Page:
UK economic rebound slows sharply as pingdemic takes toll

The UK’s economic bounce-back has slowed sharply partly thanks to the impact of the “pingdemic” causing workers to isolate, according to a key business survey.

A “flash” estimate of private sector activity for July showed the weakest expansion since March as Britain’s firms battle to recover from the coronavirus crisis.

The reading of 57.7 – where the 50-mark separates growth from contraction – was down from 62.2 in June, according to the IHS Markit/CIPS purchasing managers’ index (PMI).


Supermarkets and hauliers have in recent days said worker shortages are making it harder for them to restock shelves and deliver goods while some factories are also struggling to maintain production.


Chris Willamson, chief business economist at IHS Markit, said: “July saw the UK economy’s recent growth spurt stifled by the rising wave of virus infections, which subdued customer demand, disrupted supply chains and caused widespread staff shortages, and also cast a darkening shadow over the outlook.”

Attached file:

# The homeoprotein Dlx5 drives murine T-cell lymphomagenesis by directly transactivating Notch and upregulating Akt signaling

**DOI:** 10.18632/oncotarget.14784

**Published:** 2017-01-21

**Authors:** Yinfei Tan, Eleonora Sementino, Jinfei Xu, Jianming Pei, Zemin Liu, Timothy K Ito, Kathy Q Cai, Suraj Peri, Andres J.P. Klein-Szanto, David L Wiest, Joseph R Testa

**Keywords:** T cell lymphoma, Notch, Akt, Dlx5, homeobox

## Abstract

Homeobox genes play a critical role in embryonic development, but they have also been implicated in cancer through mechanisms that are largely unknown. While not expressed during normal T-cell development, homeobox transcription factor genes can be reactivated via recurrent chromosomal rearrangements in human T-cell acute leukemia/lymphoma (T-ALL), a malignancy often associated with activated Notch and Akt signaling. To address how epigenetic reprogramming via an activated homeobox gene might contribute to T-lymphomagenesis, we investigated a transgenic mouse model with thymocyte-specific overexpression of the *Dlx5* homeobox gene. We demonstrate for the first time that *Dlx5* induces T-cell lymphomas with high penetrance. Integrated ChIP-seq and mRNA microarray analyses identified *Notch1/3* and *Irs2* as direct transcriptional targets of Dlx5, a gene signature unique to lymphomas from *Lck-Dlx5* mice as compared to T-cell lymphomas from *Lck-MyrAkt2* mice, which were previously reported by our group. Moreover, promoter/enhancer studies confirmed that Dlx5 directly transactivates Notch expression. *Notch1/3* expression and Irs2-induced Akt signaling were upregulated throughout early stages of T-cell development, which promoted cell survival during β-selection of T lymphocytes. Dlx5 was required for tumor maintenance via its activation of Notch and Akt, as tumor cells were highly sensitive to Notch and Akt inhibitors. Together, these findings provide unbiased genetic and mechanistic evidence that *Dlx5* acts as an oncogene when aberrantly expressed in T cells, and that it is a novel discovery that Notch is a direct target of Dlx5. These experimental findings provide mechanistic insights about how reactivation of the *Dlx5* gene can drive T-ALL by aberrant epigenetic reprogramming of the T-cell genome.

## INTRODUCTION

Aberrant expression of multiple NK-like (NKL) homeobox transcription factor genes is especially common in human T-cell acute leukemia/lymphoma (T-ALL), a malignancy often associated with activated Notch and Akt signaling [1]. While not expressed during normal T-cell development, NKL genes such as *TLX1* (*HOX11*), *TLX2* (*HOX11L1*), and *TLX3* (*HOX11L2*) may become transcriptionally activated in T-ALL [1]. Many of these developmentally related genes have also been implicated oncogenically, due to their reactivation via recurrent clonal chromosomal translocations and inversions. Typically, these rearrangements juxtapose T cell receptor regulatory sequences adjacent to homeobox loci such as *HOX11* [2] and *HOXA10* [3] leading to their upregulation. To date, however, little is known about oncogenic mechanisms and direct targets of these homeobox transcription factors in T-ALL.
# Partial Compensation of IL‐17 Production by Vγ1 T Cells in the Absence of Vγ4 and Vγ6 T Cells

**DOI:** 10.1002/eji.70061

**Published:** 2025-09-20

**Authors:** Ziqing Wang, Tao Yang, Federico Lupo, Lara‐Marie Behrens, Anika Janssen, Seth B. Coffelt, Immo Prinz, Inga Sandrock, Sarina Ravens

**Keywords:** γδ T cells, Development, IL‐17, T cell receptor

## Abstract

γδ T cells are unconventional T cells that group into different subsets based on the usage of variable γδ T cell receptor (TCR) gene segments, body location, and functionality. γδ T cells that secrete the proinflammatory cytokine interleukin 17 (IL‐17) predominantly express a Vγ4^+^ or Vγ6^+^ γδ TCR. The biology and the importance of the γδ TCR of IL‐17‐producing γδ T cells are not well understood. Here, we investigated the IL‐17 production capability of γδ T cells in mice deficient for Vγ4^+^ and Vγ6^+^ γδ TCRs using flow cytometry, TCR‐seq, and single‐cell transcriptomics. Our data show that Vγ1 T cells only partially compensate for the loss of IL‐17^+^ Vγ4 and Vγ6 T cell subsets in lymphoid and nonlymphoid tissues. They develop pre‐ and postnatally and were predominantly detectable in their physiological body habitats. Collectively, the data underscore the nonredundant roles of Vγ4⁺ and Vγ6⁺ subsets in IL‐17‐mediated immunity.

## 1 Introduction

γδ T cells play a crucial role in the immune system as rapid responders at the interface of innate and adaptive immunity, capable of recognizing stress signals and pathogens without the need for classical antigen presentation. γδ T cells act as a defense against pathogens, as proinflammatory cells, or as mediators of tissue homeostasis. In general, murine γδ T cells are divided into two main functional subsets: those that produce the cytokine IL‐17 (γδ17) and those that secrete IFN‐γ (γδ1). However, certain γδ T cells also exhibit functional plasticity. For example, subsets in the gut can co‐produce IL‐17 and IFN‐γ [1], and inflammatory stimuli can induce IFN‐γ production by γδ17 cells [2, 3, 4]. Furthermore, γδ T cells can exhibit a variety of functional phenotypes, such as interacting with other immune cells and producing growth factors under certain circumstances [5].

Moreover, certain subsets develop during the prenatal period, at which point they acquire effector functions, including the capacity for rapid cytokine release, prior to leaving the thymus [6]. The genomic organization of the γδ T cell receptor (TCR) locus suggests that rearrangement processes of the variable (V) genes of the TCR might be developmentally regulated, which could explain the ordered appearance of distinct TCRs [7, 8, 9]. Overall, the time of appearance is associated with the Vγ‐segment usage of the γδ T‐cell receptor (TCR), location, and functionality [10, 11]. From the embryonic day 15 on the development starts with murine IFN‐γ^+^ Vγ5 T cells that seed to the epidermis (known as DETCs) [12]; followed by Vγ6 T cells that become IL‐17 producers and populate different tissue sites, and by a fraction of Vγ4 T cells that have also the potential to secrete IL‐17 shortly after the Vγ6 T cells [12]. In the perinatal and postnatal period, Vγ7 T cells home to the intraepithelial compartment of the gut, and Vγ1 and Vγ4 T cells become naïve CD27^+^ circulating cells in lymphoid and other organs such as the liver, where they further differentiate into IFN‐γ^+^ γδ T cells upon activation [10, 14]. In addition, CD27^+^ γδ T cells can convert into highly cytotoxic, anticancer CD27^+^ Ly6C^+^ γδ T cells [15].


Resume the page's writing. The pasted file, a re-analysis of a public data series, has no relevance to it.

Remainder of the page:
The economy has been recovering in recent months after pandemic lockdowns crushed business activity over much of the past year and precipitated the worst annual collapse in GDP for three centuries in 2020.


The data showed some bright spots with staycations boosting consumer spending, rising demand for business services, and strong order books for manufacturers.


Meanwhile employment growth was its slowest since March while costs shot up at the fastest pace since the survey began in 1998 thanks to wage growth, higher transport bills and price hikes by suppliers.

The report comes as official figures showed retail sales returned to growth in June thanks to demand for food and drink during Euro 2020 though clothing and other non-food sales slipped back.

Monthly GDP data for May published recently showed growth already slowing after an initial spurt earlier in the year as the economy recovered from the impact of the latest lockdown.

Gabriella Dickens, senior UK economist at Pantheon Macroeconomics, said: “The sharp fall in July’s composite PMI provides further evidence that the economic recovery is faltering.”